A tentative plan to carry out a standard feeding diet for childhood diabetes subjects in a summer camp has been proposed in Part 1 of this paper. After the summer camp ended the children spending their usual daily family life were observed under the same standard feeding diet. The results were as follows: (1) In many cases the variation of blood sugar within one day was smaller in family life than in the summer camp. (2) The energy intake of each meal and the energy consumed during the period between the next meal were computed. The energy balance in the family life was apt to be lose as compared to the summer camp. In such cases outdoor exercises were regulated. However, to too active children an adequate amount of sugar was given before exercises, and for vigourless children refusing exercises the amount of insulin was increased. From these results it was confirmed that the standard feeding diet plan in the summer camp can also be applied to daily family life.
This paper is the first part of a series intended to present the results of a study on the actual conditions and obstacles in working women's dietary life. The object of this paper is to show the influence of circulatory shift work and the family composition upon dietary life. The number of subjects who were telephone operators accounted 205. The results were as follows: 1. Those who took two meals a day amounted to about one third of all. Therefore, the nutritive intake was lower than national levels, especially in Vitamins A and B2. 2. In the relation between dietary life and shift work, those who did not take three meals a day varied according to the time of shift work. But the influence of shift work upon the dietary conditions extended to all those engaged in circulation of shift work. 3. The family composition had influence on the regularity of breakfast, therfore the rate of omission of meals, and obstacles for the improvement of dietary life. Many of them who lived alone or single women living with their family took two meals a day. But there was no remarkable difference in the nutritive intake among families of different types. These results may indicate that breakfast was not a square meal in any case.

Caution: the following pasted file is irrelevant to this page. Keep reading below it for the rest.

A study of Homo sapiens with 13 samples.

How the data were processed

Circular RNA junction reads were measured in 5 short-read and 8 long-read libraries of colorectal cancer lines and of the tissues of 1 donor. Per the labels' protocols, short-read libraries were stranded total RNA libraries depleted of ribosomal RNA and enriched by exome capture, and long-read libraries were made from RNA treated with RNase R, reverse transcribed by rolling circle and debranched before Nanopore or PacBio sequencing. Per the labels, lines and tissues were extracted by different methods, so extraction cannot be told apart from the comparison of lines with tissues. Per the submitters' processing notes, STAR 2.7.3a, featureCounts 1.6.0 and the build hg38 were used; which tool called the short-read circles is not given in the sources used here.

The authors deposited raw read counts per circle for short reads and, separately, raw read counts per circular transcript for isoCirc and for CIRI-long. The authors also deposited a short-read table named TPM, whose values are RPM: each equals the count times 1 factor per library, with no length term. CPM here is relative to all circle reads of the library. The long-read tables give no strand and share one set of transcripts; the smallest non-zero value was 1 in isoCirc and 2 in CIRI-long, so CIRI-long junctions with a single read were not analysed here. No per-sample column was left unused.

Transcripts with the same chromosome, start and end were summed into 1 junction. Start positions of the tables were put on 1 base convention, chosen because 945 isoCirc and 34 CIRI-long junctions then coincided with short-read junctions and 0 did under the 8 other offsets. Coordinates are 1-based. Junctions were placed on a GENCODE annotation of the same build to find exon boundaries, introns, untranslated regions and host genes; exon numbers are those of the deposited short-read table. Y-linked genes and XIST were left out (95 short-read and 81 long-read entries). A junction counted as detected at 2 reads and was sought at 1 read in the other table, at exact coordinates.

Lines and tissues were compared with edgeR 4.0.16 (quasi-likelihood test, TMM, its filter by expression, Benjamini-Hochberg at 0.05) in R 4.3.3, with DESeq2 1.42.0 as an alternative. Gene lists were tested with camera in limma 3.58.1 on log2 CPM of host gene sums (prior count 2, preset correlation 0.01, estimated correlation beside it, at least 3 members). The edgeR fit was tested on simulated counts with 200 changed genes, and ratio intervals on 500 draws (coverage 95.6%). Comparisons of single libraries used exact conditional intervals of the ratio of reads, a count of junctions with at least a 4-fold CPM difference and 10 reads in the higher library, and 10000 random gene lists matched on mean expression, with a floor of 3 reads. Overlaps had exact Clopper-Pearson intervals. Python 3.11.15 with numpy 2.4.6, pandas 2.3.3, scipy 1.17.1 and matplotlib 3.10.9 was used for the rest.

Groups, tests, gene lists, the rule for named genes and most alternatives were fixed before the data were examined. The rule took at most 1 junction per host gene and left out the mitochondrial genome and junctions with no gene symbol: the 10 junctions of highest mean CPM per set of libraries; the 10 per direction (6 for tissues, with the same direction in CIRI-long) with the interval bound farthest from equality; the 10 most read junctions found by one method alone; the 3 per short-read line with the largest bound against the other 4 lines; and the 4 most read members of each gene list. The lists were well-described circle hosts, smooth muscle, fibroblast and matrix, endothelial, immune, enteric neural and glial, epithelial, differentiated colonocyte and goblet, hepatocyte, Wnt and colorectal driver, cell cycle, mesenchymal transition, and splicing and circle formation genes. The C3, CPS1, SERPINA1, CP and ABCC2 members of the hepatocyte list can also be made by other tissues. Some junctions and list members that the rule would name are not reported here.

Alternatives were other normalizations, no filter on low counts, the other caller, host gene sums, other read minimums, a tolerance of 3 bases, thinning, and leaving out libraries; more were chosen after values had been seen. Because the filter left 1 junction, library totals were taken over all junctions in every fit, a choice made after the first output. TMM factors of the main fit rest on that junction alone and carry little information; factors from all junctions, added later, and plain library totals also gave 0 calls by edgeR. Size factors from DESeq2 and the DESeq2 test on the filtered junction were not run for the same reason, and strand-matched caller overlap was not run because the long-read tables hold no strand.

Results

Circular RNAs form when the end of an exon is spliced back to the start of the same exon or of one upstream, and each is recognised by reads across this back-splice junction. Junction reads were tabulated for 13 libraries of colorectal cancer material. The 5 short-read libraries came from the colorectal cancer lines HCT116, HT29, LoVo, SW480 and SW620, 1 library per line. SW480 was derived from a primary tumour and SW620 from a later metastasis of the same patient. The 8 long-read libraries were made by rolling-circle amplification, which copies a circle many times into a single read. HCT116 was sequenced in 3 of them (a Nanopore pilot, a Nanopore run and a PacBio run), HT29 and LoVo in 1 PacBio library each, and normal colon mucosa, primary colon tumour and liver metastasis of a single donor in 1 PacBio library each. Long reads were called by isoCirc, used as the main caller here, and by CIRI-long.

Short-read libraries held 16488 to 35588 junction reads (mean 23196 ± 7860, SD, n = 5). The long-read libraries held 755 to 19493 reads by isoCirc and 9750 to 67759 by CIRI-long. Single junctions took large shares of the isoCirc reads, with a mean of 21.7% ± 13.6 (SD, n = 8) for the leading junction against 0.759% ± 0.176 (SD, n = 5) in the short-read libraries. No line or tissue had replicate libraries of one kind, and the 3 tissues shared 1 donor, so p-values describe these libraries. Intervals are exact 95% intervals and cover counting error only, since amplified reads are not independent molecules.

It is said that a mode of human life changes together with socioeconomic and cultural transformation. A survey was carried out on the everyday life of 47 part-time high school girl students. This communication is concerned with the results of an analysis of 64 dietary pattern composed of many factors such as number of dishes, kinds of cereals and the place of meal. The food pattern by meal interval is also studied: 1) The hour of rising and bed-in has certain regularity. 2) The variety of mealtime is observed. 3) As the hours of activity increase, meals are taken more times. The average times of meal are 3.6. 4) In relation to the last meal those who eat rice or bread at the last meal have tendency to take rice or bread again, respectively. Those who eat meal by four hour interval scarcely take more than 3 dishes. Without regarding the interval of meal, about 40 percent students take only one or two dishes. It seems to be important in respect of food-refuse.
After the 2nd World War, the physical growth of school children and pupils, which was severely damaged by the War, has been imporoved year by year as the food supply in our country has become better. Especially, children in Tokyo Metropolis were superior in their growth to those living in other areas. In recent years, however, the rate of increase in their growth has become rather dull and has been surpassed by some other prefectures. This paper is to report about their nutrient intakes which could have given influence on their growth tendency. The results of a comparison of Tokyo children and Miyagi children revealed that the amounts and the quality of the nutrients ingested by Miyagi children have been remarkably improved during these 20 years, and consequently their physical growth has surpassed that of Tokyo children. These facts indicate, of course, that the regional public nutrition education is very important to promote the children's growth and health.